Will the Afghanistan Civilian Surge Go Super Surge?

It looks like the much touted 974 figure is just a “down-payment” to the “total” civilian surge to Afghanistan. SRAP deputy Paul Jones is now talking about more civilian advisers to Afghanistan beyond the 974 expected to get there in early 2010. Ambassador Holbrooke’s deputy was over at the American Enterprise Institute yesterday and had this to say:

The President will soon request from Congress the resources needed to implement this focused civilian effort. His request will include not only a sizable increase in civilian assistance, but also funds to support deployment of additional civilian experts beyond the roughly 1,000 U.S. government civilians who will be on the ground by early next year. These civilians will help build Afghan governance and private sector capacity. In the field, they will work from District Support Teams and PRTs, side by side with our military. Some will also extend our permanent diplomatic presence outside of Kabul by staffing new consulates in Mazar-e-Sharif and Herat.

We are now in the midst of the civilian surge. I spoke last Thursday at the Foreign Service Institute with a class of 90 experts from USAID, USDA and State who will be deploying before Christmas; the next such class is in two weeks, so our tempo is quick. On Friday, I met with a packed room of Foreign Service Officers looking to sign-up for tours in 2010 and beyond. Next week, I’ll travel to Camp Atterbury, Indiana, where every civilian deploying to the field undergoes a week-long, realistic, intensive field exercise with our military counterparts.

Secretary Clinton is proud of noting that among these civilians are our top experts from 10 different U.S. government departments and agencies. And once deployed, they report to our Embassy in Kabul through a unified civilian chain of command, with senior civilian representatives at every civ-mil platform. In short, our selection, training and leadership is better than ever before. The result is improved civ-mil coordination at all levels of our effort in Afghanistan, and gives us the civilian expertise out in key districts that will allow our locally-focused strategy to succeed. Admiral Mullen attested to the quality of the civilians during his appearance before the Congress last Thursday.

See Mr. Jones’ full remarks at the AEI here.

Although we now know that there are 10 participating agencies, we still do not have a breakdown of which agencies are going to Afghanistan, and how many staff they are contributing to this effort. We also still do not have the breakdown sector-wide of these civilian experts.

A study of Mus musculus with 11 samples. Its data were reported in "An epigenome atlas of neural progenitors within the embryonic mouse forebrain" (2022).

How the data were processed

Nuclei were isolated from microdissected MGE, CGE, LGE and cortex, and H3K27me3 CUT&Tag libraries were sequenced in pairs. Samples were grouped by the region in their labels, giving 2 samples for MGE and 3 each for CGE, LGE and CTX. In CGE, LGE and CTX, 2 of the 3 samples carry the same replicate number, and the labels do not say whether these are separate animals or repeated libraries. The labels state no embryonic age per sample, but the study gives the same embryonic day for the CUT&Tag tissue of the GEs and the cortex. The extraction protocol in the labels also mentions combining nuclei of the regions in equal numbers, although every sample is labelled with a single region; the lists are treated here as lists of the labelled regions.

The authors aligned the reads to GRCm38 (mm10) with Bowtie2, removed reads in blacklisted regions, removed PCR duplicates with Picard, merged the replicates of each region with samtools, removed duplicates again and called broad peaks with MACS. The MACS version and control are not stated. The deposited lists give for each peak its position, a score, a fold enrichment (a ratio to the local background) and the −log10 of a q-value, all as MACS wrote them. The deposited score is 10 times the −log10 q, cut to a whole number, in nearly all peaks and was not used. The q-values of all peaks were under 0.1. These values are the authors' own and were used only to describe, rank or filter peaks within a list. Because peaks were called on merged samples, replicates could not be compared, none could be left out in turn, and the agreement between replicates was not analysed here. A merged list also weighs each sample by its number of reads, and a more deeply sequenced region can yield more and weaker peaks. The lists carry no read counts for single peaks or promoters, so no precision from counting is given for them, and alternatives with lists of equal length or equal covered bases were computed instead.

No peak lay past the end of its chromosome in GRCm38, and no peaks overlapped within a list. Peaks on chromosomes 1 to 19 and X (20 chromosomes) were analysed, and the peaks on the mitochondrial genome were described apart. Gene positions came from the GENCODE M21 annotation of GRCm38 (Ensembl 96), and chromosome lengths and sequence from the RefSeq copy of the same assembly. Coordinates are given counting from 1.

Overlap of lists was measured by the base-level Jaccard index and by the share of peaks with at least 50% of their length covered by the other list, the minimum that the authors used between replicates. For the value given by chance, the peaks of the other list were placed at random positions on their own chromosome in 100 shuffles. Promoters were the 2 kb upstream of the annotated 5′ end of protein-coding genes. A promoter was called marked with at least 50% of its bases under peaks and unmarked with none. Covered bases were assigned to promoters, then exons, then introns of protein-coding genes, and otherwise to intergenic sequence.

And – some of you may know this, but I still have no idea where the larger part of the 974 are coming from. See my previous post 974 to Afghanistan for the Civilian Surge. Or where are they going to get the “beyond” 1,000 civilian experts now planned.

I also almost forgot to mention – this OIG report from August 2009 indicates that there are “nearly four life support and personal security contractors to every one U.S. Government staff member at these Regional Embassy Offices and Regional Reconstruction Team.” That report was on the regional embassy staffing in Iraq. Note that Mr. Jones above has the “District Support Teams and PRTs” in Afghanistan –different name but I suspect, functionally similar to REOs in Iraq.

Afghanistan is in a far worse state than Iraq, of course, but if we go by the Iraq calculation rounded down, that 974 civilian surge number actually means additional life support and personal security personnel of 2,922 or a total surge of 3,896 individuals (life support and protective services normally handled by contractors).

On a related note, Laura Rozen of Politico has posted a December 5 memo from retired General Barry R McCaffrey, who is now adjunct professor of International Affairs at West Point. The memo “provides a strategic and operational assessment of security operations in Afghanistan.” In it the general says that the “civilian agency surge will essentially not happen” – see below:

“The international civilian agency surge will essentially not happen —although State Department officers, US AID, CIA, DEA, and the FBI will make vital contributions. Afghanistan over the next 2-3 years will be simply too dangerous for most civil agencies.”

A bunch of folks would have something to say about that from Foggy Bottom to Pennsylvania Avenue.